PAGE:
Default Hydraulic Tip

    Cylinders are less complicated than most other types of
    hydraulic components and are therefore relatively easy
    to repair. As a result, many hydraulic equipment owners
    carry out these repairs themselves.

    An important step in the repair process that is often skipped
    by DIY repairers, is the checking of rod straightness. Bent
    rods cause distortion, and ultimatley premature failure, of
    the rod seal(s).

    Rod straightness should always be checked when a cylinder is
    being re-sealed or repaired. This is done by placing the rod on
    rollers and measuring the run-out with a dial gauge. The rod
    should be as straight as possible, but a run-out of 0.5
    millimeters per linear meter of rod is generally considered
    acceptable.

  2. #2

    Join Date
    Jul 2001
    Posts
    1,806
    Location
    Houston, TX.
    Tractor
    2001 TN65, 1951 8N Ford

    Default Re: Hydraulic Tip

    The less sophisticated among us can use a flat table top. Lay the rod on it and roll it. You can easily see whether it's straight or if it wobbles. I kept a flat side window out of a van around for stuff like this and for checking cylinder head flatness and sanding flanges flat.

  3. #3

    Join Date
    Dec 2001
    Posts
    121
    Location
    So. N.H
    Tractor
    long 300dtc

    Default Re: Hydraulic Tip

    Hi Hydraulicman i bent my cylinder on my back hoe last year
    replaced it with a new one my question is can i have the bent one straighten to with in 0.5 mill. from a machine shop and use for temp until new one is picked up
    thanks EDT

  4. #4

    Default Re: Hydraulic Tip

    In most cases bent rods can be straightened in press - although rechroming will usually be required afterwards.

    If the rod has an "s" bend in it, then its harder to straighten
    and may need to be scrapped.

  5. #5
    Platinum Member
    Join Date
    Mar 2002
    Posts
    572
    Location
    Jackson County, Michigan
    Tractor
    Bolens HT-20

    Default Re: Hydraulic Tip

    For 'a' reason, the swing cylinder shaft got bent on the bh. I turned it 180* on it's pin and swung the bh 'till it straightened out. The second step was to put a stop in place to prevent the overswing. That's been about 2 years ago and much use. I think I got lucky.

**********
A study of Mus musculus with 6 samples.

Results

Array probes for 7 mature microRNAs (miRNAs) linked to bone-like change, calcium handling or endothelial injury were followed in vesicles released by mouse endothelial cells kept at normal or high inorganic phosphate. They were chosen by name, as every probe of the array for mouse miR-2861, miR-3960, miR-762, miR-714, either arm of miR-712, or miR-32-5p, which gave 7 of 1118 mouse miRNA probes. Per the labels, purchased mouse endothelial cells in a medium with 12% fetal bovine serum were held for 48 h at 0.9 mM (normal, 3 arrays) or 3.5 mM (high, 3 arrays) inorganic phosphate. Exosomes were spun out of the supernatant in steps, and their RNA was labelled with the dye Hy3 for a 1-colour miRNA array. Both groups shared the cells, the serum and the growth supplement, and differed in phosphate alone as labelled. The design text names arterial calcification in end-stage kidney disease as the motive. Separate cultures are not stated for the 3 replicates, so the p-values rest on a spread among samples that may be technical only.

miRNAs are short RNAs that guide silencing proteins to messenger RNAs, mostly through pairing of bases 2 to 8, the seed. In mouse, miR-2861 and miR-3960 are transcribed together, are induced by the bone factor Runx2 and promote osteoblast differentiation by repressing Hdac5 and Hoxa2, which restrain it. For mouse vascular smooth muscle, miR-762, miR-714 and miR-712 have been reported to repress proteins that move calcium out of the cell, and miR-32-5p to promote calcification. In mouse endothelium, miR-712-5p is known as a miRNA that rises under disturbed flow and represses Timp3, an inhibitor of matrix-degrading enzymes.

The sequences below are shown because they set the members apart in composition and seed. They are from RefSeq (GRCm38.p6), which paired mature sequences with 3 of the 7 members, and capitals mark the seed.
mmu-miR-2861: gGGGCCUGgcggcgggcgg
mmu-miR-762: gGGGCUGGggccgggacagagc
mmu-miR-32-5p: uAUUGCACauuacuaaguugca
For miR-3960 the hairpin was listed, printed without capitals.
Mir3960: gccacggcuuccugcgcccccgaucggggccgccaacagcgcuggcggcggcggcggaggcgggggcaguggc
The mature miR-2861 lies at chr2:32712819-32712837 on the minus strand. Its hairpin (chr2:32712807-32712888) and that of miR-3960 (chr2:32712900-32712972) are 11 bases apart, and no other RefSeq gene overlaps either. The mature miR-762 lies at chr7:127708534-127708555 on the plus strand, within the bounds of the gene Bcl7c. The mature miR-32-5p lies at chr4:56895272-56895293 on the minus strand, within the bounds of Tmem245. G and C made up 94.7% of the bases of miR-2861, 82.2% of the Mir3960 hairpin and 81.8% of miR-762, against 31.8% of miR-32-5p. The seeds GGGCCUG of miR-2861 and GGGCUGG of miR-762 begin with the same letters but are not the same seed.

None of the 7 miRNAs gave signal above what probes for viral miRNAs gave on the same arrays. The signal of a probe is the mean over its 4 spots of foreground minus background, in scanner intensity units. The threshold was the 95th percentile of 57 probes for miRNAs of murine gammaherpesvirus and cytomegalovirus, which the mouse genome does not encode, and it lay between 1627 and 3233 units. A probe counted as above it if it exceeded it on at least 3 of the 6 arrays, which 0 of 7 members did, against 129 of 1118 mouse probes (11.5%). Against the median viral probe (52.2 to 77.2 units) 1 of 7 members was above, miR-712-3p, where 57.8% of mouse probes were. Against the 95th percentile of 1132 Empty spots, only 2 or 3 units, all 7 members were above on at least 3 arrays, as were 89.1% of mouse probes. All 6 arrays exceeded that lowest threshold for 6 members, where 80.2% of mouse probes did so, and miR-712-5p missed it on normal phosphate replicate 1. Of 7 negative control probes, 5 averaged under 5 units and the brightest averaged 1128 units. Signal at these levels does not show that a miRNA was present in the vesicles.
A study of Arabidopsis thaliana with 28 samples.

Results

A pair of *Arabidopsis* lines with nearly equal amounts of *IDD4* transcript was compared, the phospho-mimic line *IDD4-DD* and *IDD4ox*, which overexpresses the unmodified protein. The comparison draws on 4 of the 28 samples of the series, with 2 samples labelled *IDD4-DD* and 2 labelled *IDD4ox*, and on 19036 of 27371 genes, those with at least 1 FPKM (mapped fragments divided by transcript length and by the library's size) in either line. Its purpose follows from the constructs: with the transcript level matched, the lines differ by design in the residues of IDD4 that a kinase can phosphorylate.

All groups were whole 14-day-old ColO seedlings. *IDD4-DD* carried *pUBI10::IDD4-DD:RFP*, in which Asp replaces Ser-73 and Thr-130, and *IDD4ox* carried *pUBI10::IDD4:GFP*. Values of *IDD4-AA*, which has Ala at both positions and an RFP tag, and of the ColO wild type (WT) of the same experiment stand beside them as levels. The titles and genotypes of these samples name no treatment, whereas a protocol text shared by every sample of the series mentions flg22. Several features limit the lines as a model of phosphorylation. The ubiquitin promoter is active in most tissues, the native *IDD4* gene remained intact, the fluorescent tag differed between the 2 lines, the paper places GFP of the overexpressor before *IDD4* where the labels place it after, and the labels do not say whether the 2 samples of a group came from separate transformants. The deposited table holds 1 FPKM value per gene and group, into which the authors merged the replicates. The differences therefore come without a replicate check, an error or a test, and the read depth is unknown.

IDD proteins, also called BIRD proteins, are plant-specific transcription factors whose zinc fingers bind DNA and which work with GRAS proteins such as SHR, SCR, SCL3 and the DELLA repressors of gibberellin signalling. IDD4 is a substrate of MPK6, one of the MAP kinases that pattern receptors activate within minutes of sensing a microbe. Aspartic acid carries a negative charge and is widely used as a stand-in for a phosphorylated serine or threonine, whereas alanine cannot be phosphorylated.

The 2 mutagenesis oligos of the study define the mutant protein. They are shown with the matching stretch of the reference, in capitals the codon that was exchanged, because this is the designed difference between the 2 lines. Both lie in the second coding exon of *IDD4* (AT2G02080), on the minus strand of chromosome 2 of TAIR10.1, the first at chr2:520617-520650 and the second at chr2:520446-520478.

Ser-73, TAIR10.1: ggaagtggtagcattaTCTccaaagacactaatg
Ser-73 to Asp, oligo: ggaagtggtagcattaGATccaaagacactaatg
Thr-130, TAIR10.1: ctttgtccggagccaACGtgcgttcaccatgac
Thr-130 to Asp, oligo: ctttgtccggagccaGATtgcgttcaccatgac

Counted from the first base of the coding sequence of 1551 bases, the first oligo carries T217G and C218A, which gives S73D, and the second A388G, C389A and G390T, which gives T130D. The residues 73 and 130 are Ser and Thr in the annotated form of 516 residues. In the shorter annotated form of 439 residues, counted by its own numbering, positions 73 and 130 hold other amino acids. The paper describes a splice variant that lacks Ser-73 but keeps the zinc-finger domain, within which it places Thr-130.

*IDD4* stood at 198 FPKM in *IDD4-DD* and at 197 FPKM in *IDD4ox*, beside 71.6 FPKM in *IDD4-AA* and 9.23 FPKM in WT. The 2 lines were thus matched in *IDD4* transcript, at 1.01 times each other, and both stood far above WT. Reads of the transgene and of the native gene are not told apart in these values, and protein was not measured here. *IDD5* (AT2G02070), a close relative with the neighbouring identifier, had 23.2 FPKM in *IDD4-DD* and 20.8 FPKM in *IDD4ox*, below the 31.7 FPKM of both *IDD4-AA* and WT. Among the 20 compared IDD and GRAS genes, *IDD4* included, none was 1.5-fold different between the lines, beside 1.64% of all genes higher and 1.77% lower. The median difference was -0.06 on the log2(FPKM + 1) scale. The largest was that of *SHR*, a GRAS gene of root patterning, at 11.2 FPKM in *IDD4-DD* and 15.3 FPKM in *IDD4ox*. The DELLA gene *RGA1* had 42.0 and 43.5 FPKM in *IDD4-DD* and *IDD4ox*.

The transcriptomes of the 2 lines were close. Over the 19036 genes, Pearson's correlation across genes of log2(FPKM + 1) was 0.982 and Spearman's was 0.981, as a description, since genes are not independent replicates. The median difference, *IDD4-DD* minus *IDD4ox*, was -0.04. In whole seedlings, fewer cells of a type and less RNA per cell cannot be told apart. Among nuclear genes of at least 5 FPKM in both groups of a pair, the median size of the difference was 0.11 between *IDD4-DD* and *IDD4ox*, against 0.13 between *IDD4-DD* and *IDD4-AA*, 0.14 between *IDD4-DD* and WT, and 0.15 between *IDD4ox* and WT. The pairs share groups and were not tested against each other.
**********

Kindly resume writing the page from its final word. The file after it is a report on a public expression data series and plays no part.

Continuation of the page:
6. #6

    Join Date
    Dec 2001
    Posts
    121
    Location
    So. N.H
    Tractor
    long 300dtc

    Default Re: Hydraulic Tip

    Thanks hydraulicman i think i will have it straightened and see how it looks
    Thank EDT

  7. #7
    Platinum Member dourobob's Avatar
    Join Date
    Mar 2002
    Posts
    670
    Location
    Just West of Buckhorn, Ontario, Canada
    Tractor
    Wheel Horse 522xi

    Default Re: Hydraulic Tip

    Hi mrcaptianbob
    How far was the swing on your cadplan digger. I remember you wanted to get it up to about 180 degrees - a little more than the plans called for. Is that what caused the problem or was this before you made any adaptations. My buddy and I are just beginning to assemble the pieces of an 821 digger we have been working on over the winter and I am wondering if we should consider a 'stop' on th swing cylinder.

    Douro Bob

  8. #8
    Platinum Member
    Join Date
    Mar 2002
    Posts
    572
    Location
    Jackson County, Michigan
    Tractor
    Bolens HT-20

    Default Re: Hydraulic Tip

    Unfortunately, I haven't done the 'remodel' yet. We're now in the throws of lookin' for another dwelling, so many of my projects are on hold. I did, however put a stop in place to keep it from bending the shaft again. It happened only when swinging to the right and hitting the center post before the shaft wasw fully extended. Swingin' left is no problem. I lost maybe five degrees.